The first significant article I ever published, in the summer of 1971, was about Milton Friedman. And he helped me to get it right.
Since he died, there have been numerous eloquent statements by Bruce Bartlett, David Boaz and others about Professor Friedman's academic accomplishments and his enormous influence over public policy at home and abroad. Perhaps this personal reminiscence may offer a different insight into what kind of man he was.
In 1971, I was managing the main floor at the J.C. Penney store in downtown Sacramento, Calif., while going to grad school at night. Murray Rothbard (normally a very pleasant fellow) published a harsh critique of Milton's proposed reforms in The Individualist. Friedman was called a "statist," for example, because he advocated a flat-rate tax rather than abolition of all taxes, school vouchers rather than the abolition of public schooling and so on.
I wrote a long reply unraveling Rothbard's article. Then I sent a copy to Milton Friedman on April 23. He soon sent it back covered with his handwritten comments on the letter itself and every page of my manuscript. He mentioned that his son David (who penned his own classic, "Machinery of Freedom," that same year) had also dashed off a reply.
"However, you, he and I all believe in competition, so do let me encourage you to revise yours and send it in with no veto or approval from me." And he responded to my plea for guidance with, "You do not need it." My revised comments were published in Reason magazine that July, as "The Purge of Chicago Economists." Although Reason had a circulation of about 630 at the time, that article launched an enduring friendship with David R. Henderson, now a frequent Wall Street Journal contributor and co-author of "Making Great Decisions."
Encouraged by getting published, and by Friedman's note, I sent "The Case Against Wage and Price Controls" to National Review a few weeks before Nixon imposed a wage-price freeze. That cover story was the main reason William F. Buckley hired me, with the approval of James Burnham and (a National Review editor later told me) Milton Friedman.
I cannot imagine anyone as famous and busy as Milton Friedman was in 1971 bothering to pen such a detailed and encouraging response to some unknown young man from J.C. Penney. He was writing a regular column for Newsweek, and 1971 was the year his monumental "Monetary History of the United States" appeared, co-authored by Anna Schwartz (who still goes to work in New York City every day, at 91, compiling an opus on foreign exchange intervention).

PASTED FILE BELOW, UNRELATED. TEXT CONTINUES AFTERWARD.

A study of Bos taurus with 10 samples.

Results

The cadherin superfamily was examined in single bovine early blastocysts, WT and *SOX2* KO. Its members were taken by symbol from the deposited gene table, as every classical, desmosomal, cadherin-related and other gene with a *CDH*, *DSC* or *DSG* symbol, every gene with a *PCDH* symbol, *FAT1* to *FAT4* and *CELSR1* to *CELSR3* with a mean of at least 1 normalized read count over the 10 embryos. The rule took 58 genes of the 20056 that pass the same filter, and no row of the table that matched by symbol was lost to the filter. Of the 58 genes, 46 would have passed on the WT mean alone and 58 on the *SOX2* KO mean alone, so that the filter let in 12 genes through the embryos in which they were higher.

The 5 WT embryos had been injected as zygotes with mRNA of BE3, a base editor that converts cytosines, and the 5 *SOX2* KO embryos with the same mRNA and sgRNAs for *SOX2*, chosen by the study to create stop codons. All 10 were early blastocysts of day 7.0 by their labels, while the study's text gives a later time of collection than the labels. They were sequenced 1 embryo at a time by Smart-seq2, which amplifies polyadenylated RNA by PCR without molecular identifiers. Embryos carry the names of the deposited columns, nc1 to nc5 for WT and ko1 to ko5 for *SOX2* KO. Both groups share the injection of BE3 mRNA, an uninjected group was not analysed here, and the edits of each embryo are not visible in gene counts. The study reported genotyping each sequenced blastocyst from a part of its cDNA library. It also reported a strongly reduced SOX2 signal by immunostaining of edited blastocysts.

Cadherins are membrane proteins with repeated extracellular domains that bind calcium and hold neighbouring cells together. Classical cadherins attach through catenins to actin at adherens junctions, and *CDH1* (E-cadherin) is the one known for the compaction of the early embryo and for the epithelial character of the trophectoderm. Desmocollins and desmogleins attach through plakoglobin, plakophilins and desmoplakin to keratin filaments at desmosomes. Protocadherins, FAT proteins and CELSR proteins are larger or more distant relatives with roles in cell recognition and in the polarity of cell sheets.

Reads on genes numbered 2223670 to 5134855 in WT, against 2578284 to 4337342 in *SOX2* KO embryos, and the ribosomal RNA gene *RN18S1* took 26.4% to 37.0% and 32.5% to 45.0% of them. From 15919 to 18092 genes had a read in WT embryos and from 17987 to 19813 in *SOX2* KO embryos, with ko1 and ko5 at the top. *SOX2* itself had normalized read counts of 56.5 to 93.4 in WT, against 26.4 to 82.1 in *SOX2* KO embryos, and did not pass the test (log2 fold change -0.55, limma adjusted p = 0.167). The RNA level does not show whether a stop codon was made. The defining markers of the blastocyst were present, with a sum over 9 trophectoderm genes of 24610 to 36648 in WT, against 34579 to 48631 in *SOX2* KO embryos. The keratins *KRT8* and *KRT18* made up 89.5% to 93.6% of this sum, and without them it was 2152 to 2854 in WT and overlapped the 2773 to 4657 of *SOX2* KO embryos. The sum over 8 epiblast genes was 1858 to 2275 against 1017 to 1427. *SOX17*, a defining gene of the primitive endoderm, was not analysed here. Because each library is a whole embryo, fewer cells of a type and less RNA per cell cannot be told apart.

My first article appeared nine years after Friedman's "Capitalism and Freedom," which I later described as one of the two most influential books of its kind in the postwar era (along with Friedrich Hayek's "Road to Serfdom"). Shortly after making that indisputable comment, in the '80s, I had a chance to speak with Friedman at a Mont Pelerin Society meeting (there is a photo of us on my desk). I found him surprisingly embarrassed about receiving a compliment so obviously deserved. Yet humility was one of Milton Friedman's many virtues, along with kindness -- but humility was the one virtue he did not deserve. "Capitalism and Freedom" is once again among the top 10 best-sellers in economics, 44 years after it was first published.
This July, I e-mailed Milton Friedman with a copy of a paper I had presented to the Western Economics Association on "The Misuse of Tax Data to Estimate Income Distribution." I noted that "only data about the 'top 1 percent' taken from a sample of income tax returns support the often-repeated claim of a sustained increase in inequality since 1973-79. But that data is horribly distorted after 1981-86 by 1) shifting business income from the corporate tax to the individual tax, by 2) shifting investment income from taxable to tax-deferred accounts and by 3) the exclusion of rising transfer payments from total income."
I jokingly reminded Milton that this was the first time since 1971 that I had bothered him for guidance about something I had written. This is what he wrote back:
"Dear Alan: As the saying goes, 'It's a long time between drinks.' I recall with pleasure our correspondence in 1971 and have followed with satisfaction the career that developed after you decided to shift from accounting to economics, a wise shift. The paper you sent along is certainly both unique and important. The notion that there has been a substantial increase in inequality, especially at the upper levels, has become conventional wisdom. I am not a tax expert and yours is the first paper I have seen which explains why the tax figures are so misleading. I would not be surprised if accurate figures would show a substantial increase in inequality over the past 40 or 50 years. The deterioration of our educational system plus the large illegal immigration would seem to lead to that result. So also would the technological revolution. But whether that is so or not, you have certainly shown that it cannot be inferred from tax returns. ... Thanks for sending me your paper. Best regards, Milton"
You may wonder if I still have that original letter -- the one I sent to him back in 1971 with his handwritten comments on it. Of course I do. The first and last letters are, like the man himself, great memories I will always treasure.